I was SO strict with Zoe's diet as a baby and toddler. She didn't eat ice cream or chocolate until she was 3. In fact, I use to make her "green" pizza. It was one of her favorite meals and she would often ask for it. I found all the green veggies I could, steam them, and then put them through a food processor. I included kale, brussel sprouts, asparagus, broccoli, green beans, peas, spinach...the recipe changed each time I made it, but the batches were big and I froze it in single serving sizes. It became a little joke with me to see how many crazy things I could put in the puree and still have Zoe eat it. A slice of bread, spread on the green "sauce", and melt a bunch of cheese on top. She ate it like it was candy...three times a week at a minimum! And so was always the way with Zoe. She was a great eater, ate EVERYTHING I gave her, and happily indulged in lots of fruits and veggies. She was easy...it was fun...it made me feel good to have her eat this way...I felt like I was a good mom...and people marveled at her diet.
Looking back, I do laugh a little at myself. But I do not, nor will I ever, regret how I handled Zoe's diet. I wouldn't change a thing. She got her VERY FIRST cold when she went to pre-school. She was, and still is, a healthy and smart young girl with a strong desire to eat "brain" foods. She likes treats but doesn't over-indulge and understands the concept of eating healthy foods first and having a sweet after. Like me, she LOVES desert, but (unlike me!) will happily eat a good meal before having it.
Then Ava came along. Everything I believed about eating and foods changed. My self-worth and confidence plummeted. Of all people to mother Ava...who thought it wise to choose me? I'm insanely type-A and controlling, I believe that nutrition in early childhood can shape our entire lives, and I'm all about food and how it relates to children's growth and development. So I struggled with my own self-doubt and tried to grasp the reality that I was unable to feed my child...while at the same time, living in fear...real FEAR...every day, that my baby was going to die. Mike and I would stand outside her bedroom in the morning and fight over who would go in and wake her. I would beg him to go in. I didn't want to be the one to find her dead in her crib. I mean, if we lost her, I'm not sure how life goes on...but if I was the one who found her... So we lived with that constant fear looming over our heads for almost 2 years...and we would have the same fight every morning...and it took it's toll.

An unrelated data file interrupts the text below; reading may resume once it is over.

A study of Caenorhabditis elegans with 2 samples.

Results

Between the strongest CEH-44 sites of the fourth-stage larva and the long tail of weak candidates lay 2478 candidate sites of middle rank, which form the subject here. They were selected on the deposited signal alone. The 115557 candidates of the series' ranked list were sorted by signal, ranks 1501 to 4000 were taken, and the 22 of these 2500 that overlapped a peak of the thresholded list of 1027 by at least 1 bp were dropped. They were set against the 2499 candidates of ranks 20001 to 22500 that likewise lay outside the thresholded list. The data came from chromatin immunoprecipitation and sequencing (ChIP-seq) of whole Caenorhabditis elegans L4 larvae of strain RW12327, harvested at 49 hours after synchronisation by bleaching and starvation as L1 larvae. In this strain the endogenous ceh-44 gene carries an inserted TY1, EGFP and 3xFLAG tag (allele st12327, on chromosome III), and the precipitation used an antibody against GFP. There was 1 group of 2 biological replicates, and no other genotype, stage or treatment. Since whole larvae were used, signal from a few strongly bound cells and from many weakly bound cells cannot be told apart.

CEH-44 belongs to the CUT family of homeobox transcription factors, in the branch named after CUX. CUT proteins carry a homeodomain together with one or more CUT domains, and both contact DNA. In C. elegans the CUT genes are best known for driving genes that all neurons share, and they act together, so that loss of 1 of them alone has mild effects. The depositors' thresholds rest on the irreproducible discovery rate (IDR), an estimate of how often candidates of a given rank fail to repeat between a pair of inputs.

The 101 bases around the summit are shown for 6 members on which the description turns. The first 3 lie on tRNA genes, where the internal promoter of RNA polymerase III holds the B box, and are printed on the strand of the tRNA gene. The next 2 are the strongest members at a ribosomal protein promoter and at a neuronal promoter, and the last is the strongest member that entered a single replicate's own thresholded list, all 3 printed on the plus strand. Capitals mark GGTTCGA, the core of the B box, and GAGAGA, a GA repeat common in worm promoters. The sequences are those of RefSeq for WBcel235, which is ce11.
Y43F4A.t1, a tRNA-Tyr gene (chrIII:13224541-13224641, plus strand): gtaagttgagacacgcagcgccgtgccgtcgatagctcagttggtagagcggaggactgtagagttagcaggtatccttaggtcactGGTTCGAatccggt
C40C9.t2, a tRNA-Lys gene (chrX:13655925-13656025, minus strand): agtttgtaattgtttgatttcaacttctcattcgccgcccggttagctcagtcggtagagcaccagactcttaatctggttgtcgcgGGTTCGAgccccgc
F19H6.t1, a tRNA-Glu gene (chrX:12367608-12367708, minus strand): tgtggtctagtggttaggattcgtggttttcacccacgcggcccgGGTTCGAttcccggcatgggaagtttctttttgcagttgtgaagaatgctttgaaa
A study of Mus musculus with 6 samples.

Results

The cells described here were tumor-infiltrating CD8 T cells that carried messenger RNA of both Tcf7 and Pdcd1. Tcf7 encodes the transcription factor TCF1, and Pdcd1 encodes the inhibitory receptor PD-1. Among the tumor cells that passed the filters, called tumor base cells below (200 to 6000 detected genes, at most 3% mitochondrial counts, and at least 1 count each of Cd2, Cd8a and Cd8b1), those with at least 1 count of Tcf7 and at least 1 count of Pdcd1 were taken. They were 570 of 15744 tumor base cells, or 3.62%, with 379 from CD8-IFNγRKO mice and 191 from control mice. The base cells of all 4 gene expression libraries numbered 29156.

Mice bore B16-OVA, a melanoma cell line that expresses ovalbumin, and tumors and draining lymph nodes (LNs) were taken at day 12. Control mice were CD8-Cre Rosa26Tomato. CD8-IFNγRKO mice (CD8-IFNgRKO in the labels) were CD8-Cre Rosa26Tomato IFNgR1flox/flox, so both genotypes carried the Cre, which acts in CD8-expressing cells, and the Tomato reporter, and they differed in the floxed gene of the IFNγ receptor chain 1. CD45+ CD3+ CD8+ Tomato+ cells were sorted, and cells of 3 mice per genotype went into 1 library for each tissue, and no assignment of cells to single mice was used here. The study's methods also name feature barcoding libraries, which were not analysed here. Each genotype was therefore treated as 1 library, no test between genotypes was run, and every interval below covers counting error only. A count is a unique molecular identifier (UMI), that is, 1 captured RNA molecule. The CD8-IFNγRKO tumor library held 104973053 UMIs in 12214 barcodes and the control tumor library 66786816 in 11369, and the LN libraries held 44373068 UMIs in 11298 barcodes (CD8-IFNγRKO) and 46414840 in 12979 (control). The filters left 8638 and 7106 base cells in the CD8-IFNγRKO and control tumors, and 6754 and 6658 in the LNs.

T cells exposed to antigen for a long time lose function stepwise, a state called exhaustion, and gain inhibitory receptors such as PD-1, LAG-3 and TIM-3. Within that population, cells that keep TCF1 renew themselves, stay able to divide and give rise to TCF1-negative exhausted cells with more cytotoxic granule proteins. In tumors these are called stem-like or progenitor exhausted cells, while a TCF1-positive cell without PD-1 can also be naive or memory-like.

So how do I get this child that refuses to eat? How do I possibly manage to have a child that will happily starve herself into the grave?
The g-tube has not only saved Ava's life, but it has saved me as well. It has allowed me the freedom to give her all the nutrition she needs without the bargaining, cajoling, and fighting involved with poor eaters who don't have this life-line. I CAN'T and WON'T turn food into a constant battle. I have another daughter to be concerned about, and food is the last issue I need my girls to worry about.
In our house, food is something we eat to live...it is put on everyone's plate and life goes on. Conversations are had, we laugh, we goof around, and I covertly watch as the plates slowly empty. I sit next to Ava and I silently watch as her food becomes cold. Most of the time she doesn't even pick-up the food she has on her plate, but on a very rare occasion, she might dare to put a little bite in her mouth. We don't rejoice, we don't scream and clap and cheer. This isn't a behavioral issue that can be modified with positive reinforcement or bribery. This is some sort of medical disorder...
After the meal, the plates are cleared and Ava comes into the kitchen to get tubied. It's quick and easy and really not a big deal. Within a few minutes, she's on her way...back to playing or torturing Zoe.
We believe we have passed the "life and death" stage and we are now in the "wait and see" phase. Doctors are stumped and Ava doesn't qualify for any therapy because she knows HOW to eat. Every test imaginable has been run, and in many cases, re-run. We still keep our eyes and ears open for possible answers, but the days of scouring the internet, endless doctors' appointments, and running test after test are over. Life has settled into some normalcy. Life has trudged on.
So we wait.
I've come to a time of quiet acceptance. It is what it is...and it's OK. Mike and I took charge of her care 18 months ago (more about that in another post) and we do what WE know is right for her. In doing so, I regained my confidence as a mother to this unique child. No longer was I helpless...I was truly empowered. She is the child she is because of our perseverance and dedication. I credit the doctors with doing more harm than good at this point and I believe this will be our life for many years to come.
So Ava's tubie has saved us all...in many more ways than I can say. She may, one day, choose to tube-feed herself for the rest of her life. I'm OK with that. I know that I have done EVERYTHING in my power to provide her with the best medical care possible, the best nutritional support available and I have worked hard at keeping her childhood normal.
I have no regrets. I don't feel like I have failed in some way. I feel confident we have made the right choices (many times, against medical advice). Ava is our miracle. She's done everything the doctors' said she wouldn't. She's alive. She's happy. She's funny. She's smart. She's our sweet Avie!